Why Does China Still Play Second Fiddle?
Image Credit: flickr/ tomis b

Why Does China Still Play Second Fiddle?


China’s low profile in the current Syria crisis has earned it criticism, with some observers blaming Beijing for not playing a more positive role as a responsible global power. The oft-cited explanations are that China has a “non-intervention” policy or that it is following Russia’s lead in obstructing America’s possible use of force.

Both interpretations are wrong.

Yes, “non-intervention” is one of the “Five Principles of Peaceful Coexistence” that have guided China’s foreign policy since the early 1950s. China does not interfere in other countries’ internal affairs, nor will it tolerate interference in its own affairs by other states. But as China’s power grows and its interests extend to every corner of the globe, Chinese foreign policy is gradually departing from this once sacred principle. In fact, China has been practicing what I call “selective intervention” in international affairs.


However, with trade and investment everywhere, China now has global interests. It has begun to demonstrate its growing power in selective regions of critical importance to its national interests such as the Gulf of Aden, East China Sea and South China Sea, and it has gotten involved in the internal affairs of some countries. For example, China has reportedly interfered in Zambia’s presidential elections in recent years to ensure that pro-China candidates win. China allegedly tried to influence voting in Zambia’s 2006 and 2008 elections, preventing Michael Sata’s from winning. During the campaigns, Sata was highly critical of Chinese activities in Zambia and threatened to establish formal ties with Taiwan. Much to Beijing’s relief, Sata, who was finally elected Zambia’s president in 2011, has since become very friendly toward China. In April 2013, on a visit to China, President Sata praised China and its people for always standing with Zambia and helping in its development process even as Western countries withheld aid because of its ability to pay back its debt.

Most notably, the now-defunct Six-Party Talks aimed at curbing North Korea’s nuclear programs were initiated and hosted by China. Beijing has also pressured North Korea to open up and become a normal member of the international community. Who can deny that China has interfered in North Korea’s internal affairs?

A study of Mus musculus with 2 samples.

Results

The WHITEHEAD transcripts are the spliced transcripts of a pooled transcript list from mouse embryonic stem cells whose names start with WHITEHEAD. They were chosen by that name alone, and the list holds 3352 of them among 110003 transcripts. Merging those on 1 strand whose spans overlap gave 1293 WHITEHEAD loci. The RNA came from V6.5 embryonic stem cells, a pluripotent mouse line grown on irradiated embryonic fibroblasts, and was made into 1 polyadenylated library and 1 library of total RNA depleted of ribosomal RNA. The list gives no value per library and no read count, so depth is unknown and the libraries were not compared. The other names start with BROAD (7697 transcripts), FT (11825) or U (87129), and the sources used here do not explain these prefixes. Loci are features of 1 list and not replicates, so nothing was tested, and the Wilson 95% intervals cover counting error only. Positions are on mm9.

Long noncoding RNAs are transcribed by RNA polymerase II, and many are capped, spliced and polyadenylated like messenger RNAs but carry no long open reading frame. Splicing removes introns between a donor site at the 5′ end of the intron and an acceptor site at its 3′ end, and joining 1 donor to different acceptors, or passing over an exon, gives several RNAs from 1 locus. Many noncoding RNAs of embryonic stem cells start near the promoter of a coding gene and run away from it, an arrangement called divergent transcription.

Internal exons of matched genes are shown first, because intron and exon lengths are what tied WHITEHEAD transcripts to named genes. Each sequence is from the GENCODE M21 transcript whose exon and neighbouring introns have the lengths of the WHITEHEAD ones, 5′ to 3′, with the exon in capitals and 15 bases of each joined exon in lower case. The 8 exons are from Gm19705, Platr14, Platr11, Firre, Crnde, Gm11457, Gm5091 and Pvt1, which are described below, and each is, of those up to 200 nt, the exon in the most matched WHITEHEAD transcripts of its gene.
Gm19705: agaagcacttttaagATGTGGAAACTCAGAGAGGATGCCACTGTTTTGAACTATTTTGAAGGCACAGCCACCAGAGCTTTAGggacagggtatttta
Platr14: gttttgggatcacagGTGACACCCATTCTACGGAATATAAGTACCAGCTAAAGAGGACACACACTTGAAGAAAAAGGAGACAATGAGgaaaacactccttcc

China has even worked to lower tensions in Syria in its own way. The Chinese government has been in touch will various forces in the Syrian civil war. For example, a delegation of six people sent by an opposition organization called the Syrian National Dialogue Forum visited Beijing in September 2013, meeting with Chinese Foreign Ministry officials to discuss the situation in Syria.

Beijing has been working with all relevant parties in Syria in a balanced way to achieve a political resolution of the Syrian issue. To host the visit by the Syrian national dialogue forum is part of China's efforts. Another opposition group visited Beijing in February 2012. When China’s Middle East envoy Wu Sike visited Syria in October 2011, he also met with opposition leaders as well as Syrian government officials.

Meanwhile, the fact that China often coordinates its position with Russia in major international affairs does not mean that China follows Russia’s leadership. China and Russia are very different powers, with divergent national interests. China is happy to yield global leadership to the United States. China’s opposition to military intervention is also out of its concern that the international community may intervene should conflict erupt in Taiwan, Tibet or Xinjiang, which China views as internal matters.

Despite the seemingly close relations between China and Russia, the two powers remain suspicious of each other. Just look at how long it has taken for the two countries to negotiate a deal to send Russian gas to China. Though China and Russia have conducted several rounds of joint military exercises as part of the Shanghai Cooperation Organization (SCO) programs, the two powers do not have the same vision for the SCO, and they also vie for leadership within the group. Russia is deeply concerned about China’s growing influence in Siberia and central Asia.

So how should we explain China’s muted role? Chinese foreign policy, just like Chinese society, is in transition. Deng Xiaoping’s admonition that China should “keep a low profile” still dominates strategic thinking, even if it is being challenged by many Chinese, who tend to exaggerate China’s power and argue for a bigger role in global affairs for Beijing. The domestic debate over China’s position in international affairs is inconclusive. As a result, its foreign policies sometimes seem inconsistent.

Despite all its achievements, China is essentially still a large developing nation. There is an enormous gap between global expectations of China’s leadership role and its own willingness and capability. Until that gap is narrowed, China is not ready to assume more responsibilities in international affairs. For some time to come, China will continue to play second fiddle to the United States.

Zhiqun Zhu is an associate professor of political science and international relations at Bucknell University in Pennsylvania.